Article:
Our body is under constant attack from oxidative stress. Oxygen in our body can split into single atoms with unpaired electrons. Electrons prefer to be in pairs, so these atoms, called free radicals, scavenge the body to seek out other electrons in order be paired. This process causes damage to cells, proteins and DNA.
Free radicals are associated with a variety of human diseases, including cancer, atherosclerosis, Alzheimer's disease, Parkinson's disease and so many others. Free radicals may also be linked to aging, which has been defined as a gradual accumulation of free-radical damage.
Sources of Free Radicals
- Air pollution
- Cigarette smoke
- Automobile exhaust
- Toxic waste
- UV light
- Certain foods
- Internal Production
- Metabolic reactions
- Stress Factors
- Chain Reactions
A free radical steels an electron to balance itself and this creates a new free radical and this process continues leading to the formation of millions of free radicals.
Are Free Radicals beneficial to human body?
Free radicals may be essential to life. The body's ability to turn air and food into chemical energy depends on a chain reaction of free radicals. Free radicals are also a crucial part of the immune system, floating through the veins and attacking foreign invaders.
Are Free Radicals Dangerous?
As soon as free radicals are formed, a chain reaction starts. The first free radical pulls an electron from a molecule, which destabilizes the molecule and turns it into a free radical. That molecule then takes an electron from another molecule, destabilizing it and turning it into a free radical. This domino effect disrupts and damages the whole cell. The free radical chain reaction may induce broken cell membranes, which can alter what enters and exits the cell. The chain reaction may alter the structure of a lipid, making it more likely to become trapped in an artery. The damaged molecules may mutate and grow tumors or the cascading damage may change the DNA code.
Oxidative stress develops when there are too many free radicals and too much cellular damage. Oxidative stress is associated with damage of proteins, lipids and nucleic acids. Various studies suggested oxidative stress may play a role in the development of many disorders, including macular degeneration, cardiovascular disease, certain cancers, emphysema, alcoholism, Alzheimer's disease, Parkinson's disease, ulcers and all inflammatory diseases. Free radicals may also be associated with aging. Free radicals can damage DNA code, causing our new cells to grow incorrectly, leading to aging.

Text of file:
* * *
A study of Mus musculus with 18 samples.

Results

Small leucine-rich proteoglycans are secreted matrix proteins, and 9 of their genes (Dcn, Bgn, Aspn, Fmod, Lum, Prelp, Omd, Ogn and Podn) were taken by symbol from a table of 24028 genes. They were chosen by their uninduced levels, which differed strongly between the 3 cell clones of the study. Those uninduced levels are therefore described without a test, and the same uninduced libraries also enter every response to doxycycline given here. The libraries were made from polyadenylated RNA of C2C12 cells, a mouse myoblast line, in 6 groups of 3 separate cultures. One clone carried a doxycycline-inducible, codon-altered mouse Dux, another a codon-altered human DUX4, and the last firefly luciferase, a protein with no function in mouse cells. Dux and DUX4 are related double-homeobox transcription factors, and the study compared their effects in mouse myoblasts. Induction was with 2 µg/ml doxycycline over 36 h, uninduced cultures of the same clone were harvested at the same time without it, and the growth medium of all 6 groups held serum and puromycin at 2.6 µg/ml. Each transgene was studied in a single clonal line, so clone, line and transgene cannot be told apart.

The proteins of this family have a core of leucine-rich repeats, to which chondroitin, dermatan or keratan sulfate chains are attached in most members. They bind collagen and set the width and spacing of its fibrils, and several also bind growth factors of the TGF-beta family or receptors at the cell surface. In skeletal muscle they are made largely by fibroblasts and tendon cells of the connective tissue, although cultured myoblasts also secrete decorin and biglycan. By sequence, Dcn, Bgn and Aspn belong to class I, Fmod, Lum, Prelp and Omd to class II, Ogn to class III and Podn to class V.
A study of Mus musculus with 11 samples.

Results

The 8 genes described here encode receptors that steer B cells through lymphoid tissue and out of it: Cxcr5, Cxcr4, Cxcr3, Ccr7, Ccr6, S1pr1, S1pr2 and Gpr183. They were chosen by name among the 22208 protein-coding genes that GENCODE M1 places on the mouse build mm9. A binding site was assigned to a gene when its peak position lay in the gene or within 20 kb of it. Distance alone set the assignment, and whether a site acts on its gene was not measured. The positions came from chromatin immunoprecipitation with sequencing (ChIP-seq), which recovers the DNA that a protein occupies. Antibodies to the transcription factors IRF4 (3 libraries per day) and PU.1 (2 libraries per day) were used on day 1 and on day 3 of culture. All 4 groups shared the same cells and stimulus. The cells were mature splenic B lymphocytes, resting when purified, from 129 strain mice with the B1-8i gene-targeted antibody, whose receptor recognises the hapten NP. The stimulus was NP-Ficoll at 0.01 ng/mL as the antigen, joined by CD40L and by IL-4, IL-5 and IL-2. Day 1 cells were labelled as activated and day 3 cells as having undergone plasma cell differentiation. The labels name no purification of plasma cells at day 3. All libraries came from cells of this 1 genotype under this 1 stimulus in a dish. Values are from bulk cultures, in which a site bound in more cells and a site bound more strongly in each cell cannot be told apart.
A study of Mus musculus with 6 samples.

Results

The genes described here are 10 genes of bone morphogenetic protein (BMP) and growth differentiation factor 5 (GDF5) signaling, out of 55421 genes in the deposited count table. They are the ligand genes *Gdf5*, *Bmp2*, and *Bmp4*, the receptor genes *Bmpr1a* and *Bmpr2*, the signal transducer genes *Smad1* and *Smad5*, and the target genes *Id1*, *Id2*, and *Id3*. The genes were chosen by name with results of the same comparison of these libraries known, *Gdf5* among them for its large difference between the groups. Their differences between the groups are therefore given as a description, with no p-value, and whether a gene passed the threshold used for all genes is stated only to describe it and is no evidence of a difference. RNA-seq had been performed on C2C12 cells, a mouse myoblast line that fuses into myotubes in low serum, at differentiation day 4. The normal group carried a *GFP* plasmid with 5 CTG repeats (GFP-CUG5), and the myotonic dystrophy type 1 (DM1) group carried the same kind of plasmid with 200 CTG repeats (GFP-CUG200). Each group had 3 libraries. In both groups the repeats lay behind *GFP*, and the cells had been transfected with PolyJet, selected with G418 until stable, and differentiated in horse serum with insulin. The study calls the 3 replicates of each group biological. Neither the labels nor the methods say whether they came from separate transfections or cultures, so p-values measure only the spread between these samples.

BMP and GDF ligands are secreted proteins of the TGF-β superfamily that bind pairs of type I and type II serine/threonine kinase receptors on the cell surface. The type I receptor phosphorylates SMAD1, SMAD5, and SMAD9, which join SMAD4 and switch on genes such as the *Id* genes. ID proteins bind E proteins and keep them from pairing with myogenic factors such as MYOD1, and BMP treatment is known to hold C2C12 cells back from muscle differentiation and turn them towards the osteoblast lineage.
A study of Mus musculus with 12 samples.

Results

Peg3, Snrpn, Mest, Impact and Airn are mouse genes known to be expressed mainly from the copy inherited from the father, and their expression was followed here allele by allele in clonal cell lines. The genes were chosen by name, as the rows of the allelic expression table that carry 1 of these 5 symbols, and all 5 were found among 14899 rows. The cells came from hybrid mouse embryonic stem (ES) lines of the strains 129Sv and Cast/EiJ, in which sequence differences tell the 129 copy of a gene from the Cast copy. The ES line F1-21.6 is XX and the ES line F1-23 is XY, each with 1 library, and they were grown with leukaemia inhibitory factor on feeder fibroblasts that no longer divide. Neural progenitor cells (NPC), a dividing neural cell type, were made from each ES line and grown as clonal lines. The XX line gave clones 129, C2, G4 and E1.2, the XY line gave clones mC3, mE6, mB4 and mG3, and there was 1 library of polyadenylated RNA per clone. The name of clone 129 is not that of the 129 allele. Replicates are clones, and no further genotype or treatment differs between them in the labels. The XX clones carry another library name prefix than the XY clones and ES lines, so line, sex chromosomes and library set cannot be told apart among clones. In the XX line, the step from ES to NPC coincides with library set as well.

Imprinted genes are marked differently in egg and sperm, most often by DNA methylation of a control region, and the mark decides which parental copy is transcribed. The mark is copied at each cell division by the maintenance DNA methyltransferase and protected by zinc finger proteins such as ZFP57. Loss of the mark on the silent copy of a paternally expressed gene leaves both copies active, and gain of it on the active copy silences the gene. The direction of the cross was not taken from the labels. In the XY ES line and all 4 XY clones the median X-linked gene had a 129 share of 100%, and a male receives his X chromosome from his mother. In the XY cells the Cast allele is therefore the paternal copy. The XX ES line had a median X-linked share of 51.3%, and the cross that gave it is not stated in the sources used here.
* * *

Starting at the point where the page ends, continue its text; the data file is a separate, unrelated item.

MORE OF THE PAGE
What are the symptoms of oxidative stress?
Symptoms of oxidative stress may include:
- Noise sensitivity
- Memory loss
- Brain fog
- Muscle and joint pain
- Wrinkles and gray hair
- Vision trouble
- Compromised immunity.
Are there Tests for free radicals?
The amount of free radicals in the body cannot be directly measured. However, there are indirect methods of measuring oxidative stress involving analysis of byproducts of lipid peroxidation. The accuracy of these methods is questionable. Moreover, kits for testing oxidative stress are available and their accuracy is also questionable.
Antioxidants can control free radicals and prevent their damaging effects. Thus, antioxidants are molecules in cells that prevent free radicals from taking electrons and causing damage. Antioxidants are able to give an electron to a free radical without being destabilized and thus terminating the free radical chain reaction. Antioxidants are considered natural substances whose function is to clean up free radicals. Just like fiber cleans up waste products in the intestines, antioxidants can clean up the free radical waste in the cells. The well-known antioxidants include beta-carotene, other carotenoids, lutein, vitamin C, vitamin E, lycopene and other phytonutrients.
The human body can produce some antioxidants on its own, but not a sufficient amount. Oxidative stress occurs when there is an imbalance of free radicals and antioxidants, too many free radicals and too few antioxidants.
Antioxidants can be obtained from diet or supplements. Antioxidants are plentiful in fruits and vegetables, especially colorful fruits and vegetables including berries, tomatoes, broccoli, spinach, nuts and green tea.
Antioxidants became well known in the 1990s when scientists began to realize the possible effects of free radicals on cancer development, atherosclerosis and other chronic conditions. During the subsequent decades, scientists have conducted many studies on the effects of antioxidants with mixed results. A 6-year trial, the Age-Related Eye Disease Study (AREDS), found that a combination of vitamin C, vitamin E, beta-carotene and zinc offered some protection against the development of advanced age-related macular degeneration.